When I was a kid I once complained about Mothers Day to my mother (that’s her above, sipping coffee the day before I was born – draw whatever conclusions you like about my high-strung nature – in her short shorts and nautical stripes, proving fashion really does come in cycles). I thought it was unfair. There is Mothers Day and Fathers Day; I thought there should be a Kids Day, too. She promptly and quite sternly informed me that everyday was kids day. That tells you 1) a lot about the kind of kid I was and 2) a lot about the kind of mom I have.
I was the kind of kid who was really quite extraordinarily self-centered. Perhaps as all children are. Or, at least, perhaps as all first-born children who aren’t put to work as soon as they can walk as they were in the oldey-timey days tend to be. I sort of, semi grew out of it (a little bit?). I was also the kind of kid who mainly saw black and white; fair and unfair. Any whiff of unfairness enraged me. I could get myself worked up into quite a lather over the principle of the matter, even — or, rather, especially — as a child.
And my mom? She’s the kind of mom who is fun and nice enough so that you think to tell her that you think there should be a Kids Day. She is also hard-core enough to shut that nonsense down.
I see gray better than I ever used to, but it still isn’t my very best skill. On the subject of Mothers Day my assessment has shifted, but not as one might think considering that I am a mother.
I think Mothers Day is bunk. Pure and simple. It seems, much like Valentine’s Day, designed to make a whole lot of people feel bad and to sell a bunch of crap. But it makes other people happy, you may well argue. I don’t know, I guess. My sense it that if a mom doesn’t feel loved and appreciated in a general sense, a day of wilting flowers, burnt pancakes, or overpriced hotel brunches isn’t going to do much… and if it does, well, I find that sad.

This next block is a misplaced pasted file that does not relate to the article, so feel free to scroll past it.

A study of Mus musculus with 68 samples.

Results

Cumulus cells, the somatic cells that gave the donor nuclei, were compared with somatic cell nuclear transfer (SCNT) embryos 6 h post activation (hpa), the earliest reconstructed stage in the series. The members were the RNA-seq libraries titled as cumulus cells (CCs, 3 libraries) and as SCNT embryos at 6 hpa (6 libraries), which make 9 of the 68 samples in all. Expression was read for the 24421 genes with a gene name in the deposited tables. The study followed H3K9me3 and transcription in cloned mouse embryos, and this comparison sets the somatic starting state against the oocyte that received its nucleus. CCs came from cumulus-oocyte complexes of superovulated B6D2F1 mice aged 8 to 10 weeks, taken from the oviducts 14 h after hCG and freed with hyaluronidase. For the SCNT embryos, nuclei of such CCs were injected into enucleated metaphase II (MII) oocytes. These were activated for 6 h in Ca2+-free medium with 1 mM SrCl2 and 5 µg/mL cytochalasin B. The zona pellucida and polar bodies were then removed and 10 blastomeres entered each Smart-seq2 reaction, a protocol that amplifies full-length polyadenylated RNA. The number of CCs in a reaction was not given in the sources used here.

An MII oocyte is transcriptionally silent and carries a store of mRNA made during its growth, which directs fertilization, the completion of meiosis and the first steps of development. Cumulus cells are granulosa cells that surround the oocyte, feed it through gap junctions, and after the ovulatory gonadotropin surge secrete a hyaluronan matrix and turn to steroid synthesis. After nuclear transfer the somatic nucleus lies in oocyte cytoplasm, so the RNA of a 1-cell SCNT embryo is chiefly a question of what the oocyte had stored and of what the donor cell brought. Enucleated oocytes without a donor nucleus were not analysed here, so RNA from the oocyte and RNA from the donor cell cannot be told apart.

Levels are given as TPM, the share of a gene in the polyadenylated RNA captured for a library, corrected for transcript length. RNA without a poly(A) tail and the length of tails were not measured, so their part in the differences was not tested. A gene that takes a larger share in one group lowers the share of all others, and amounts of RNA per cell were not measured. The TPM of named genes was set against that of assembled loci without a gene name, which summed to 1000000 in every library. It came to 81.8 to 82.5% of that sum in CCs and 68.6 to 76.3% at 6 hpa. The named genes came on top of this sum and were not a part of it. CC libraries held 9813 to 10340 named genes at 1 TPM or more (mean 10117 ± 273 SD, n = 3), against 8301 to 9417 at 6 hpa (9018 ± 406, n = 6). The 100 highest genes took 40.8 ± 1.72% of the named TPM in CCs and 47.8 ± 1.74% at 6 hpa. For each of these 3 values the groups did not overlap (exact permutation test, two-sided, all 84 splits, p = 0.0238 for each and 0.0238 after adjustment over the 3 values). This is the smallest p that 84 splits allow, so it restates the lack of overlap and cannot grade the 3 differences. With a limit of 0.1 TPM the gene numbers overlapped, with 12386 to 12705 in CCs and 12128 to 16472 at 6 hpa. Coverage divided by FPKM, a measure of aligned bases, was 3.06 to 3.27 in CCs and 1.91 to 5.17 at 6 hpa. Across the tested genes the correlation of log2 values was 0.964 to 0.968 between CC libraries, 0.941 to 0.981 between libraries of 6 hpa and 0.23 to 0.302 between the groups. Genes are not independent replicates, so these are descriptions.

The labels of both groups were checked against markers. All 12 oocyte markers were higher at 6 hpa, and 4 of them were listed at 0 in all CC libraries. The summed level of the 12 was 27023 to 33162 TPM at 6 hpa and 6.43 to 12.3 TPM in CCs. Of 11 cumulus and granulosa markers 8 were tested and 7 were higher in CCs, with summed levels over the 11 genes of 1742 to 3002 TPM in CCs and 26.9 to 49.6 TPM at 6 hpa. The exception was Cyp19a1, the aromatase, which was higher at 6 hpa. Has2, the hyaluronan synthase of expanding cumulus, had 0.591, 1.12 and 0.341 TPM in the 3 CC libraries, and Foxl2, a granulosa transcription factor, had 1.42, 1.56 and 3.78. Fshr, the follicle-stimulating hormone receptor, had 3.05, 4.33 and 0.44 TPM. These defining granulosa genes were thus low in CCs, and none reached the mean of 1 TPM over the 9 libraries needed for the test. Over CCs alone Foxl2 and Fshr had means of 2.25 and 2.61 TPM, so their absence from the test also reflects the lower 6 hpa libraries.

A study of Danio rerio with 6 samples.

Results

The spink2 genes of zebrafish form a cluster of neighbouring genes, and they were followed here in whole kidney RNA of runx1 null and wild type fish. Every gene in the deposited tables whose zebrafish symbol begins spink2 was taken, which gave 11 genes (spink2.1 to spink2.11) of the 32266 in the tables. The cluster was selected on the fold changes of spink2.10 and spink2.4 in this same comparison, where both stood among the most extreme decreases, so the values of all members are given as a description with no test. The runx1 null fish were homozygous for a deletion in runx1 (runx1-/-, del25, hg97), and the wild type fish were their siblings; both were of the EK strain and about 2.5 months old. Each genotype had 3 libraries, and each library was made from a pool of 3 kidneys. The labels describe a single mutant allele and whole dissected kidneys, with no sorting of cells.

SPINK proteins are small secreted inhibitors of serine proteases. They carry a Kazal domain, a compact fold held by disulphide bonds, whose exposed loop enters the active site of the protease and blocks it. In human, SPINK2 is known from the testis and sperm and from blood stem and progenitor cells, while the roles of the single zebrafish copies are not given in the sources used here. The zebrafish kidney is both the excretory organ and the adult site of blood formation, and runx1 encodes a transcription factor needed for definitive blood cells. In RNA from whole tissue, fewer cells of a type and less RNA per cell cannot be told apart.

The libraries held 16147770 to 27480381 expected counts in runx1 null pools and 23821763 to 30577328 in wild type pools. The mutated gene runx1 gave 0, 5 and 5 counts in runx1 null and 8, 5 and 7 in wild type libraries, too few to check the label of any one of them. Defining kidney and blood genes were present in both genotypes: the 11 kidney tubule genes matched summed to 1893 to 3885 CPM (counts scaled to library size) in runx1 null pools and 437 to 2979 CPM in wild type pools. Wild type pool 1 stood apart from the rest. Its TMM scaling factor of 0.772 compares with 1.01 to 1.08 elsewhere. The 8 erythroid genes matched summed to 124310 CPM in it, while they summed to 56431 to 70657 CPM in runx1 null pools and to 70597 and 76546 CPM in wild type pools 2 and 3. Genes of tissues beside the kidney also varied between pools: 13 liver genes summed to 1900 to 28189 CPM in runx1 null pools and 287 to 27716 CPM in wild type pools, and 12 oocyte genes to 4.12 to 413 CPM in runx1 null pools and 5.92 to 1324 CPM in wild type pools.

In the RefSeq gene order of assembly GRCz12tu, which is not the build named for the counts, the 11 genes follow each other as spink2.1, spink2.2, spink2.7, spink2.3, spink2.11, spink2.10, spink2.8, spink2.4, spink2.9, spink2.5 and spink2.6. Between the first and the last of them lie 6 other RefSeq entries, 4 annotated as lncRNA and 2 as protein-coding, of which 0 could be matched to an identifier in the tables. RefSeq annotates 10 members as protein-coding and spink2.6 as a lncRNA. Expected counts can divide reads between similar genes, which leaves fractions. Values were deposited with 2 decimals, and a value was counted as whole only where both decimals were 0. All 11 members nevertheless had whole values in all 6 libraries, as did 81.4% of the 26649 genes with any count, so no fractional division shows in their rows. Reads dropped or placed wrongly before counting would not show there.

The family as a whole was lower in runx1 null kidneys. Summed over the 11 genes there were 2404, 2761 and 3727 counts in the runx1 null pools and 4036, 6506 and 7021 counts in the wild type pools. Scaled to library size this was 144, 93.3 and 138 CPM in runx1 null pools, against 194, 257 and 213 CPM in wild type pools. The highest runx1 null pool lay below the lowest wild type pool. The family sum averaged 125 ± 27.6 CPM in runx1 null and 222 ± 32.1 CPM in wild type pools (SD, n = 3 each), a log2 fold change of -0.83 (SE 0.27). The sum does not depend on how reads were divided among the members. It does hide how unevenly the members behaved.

So this Mothers Day I have a few hopes and dreams:
- I hope my friend who seems to – despite being told the full and unadulterated story of motherhood from many reliable sources – really, really want a child feels bright and hopeful today because when she has that child she will be the most awesomest mom ever. I also hope she will call me many, many times to say “oh, this is what you were talking about.”
- I hope my friend whose mother died an untimely and extra-sad death (yes, there are such things) knows what a kick-ass mom and friend she had become and enjoys an extra bite of dim sum for me today.
- I hope anyone who might have reason to feel less than joyful about Mothers Day can go to a movie or take a drive or somehow bury their head in the sand because the second Sunday of May comes around every single year.
- I hope my mom reads this and sees how much gray she has taught me to see, because I will call and cheerfully wish her a happy Mothers Day, plain and simple, no soapbox involved.
- I hope my mother-in-law enjoys her day with son and grandson; their temporary absence is really the best gift a mom with young kid(s) at home could ask for.
- I hope my son reads this someday and realizes that the degree to which I oohed and aahed over his mothers day cards and trinkets and pretended like the day meant something to me was in full and complete reflection of his own excitement at having a chance to make me feel special.
That’s what being a mother really teaches you about Mothers Day: just like all the other days, it’s about the kids. If he wants to sew up a felt pillow at school and write “I Love You Mama” in sharpie on it and wrap it in tissue paper and hand it to me with a brilliant smile on his face, jumping up and down with excitement, I’m not going to tell him Mothers Day is bunk. I’m not a monster. I’m going to smile and tell him I love it. And, amazingly to me, I’m going to mean it.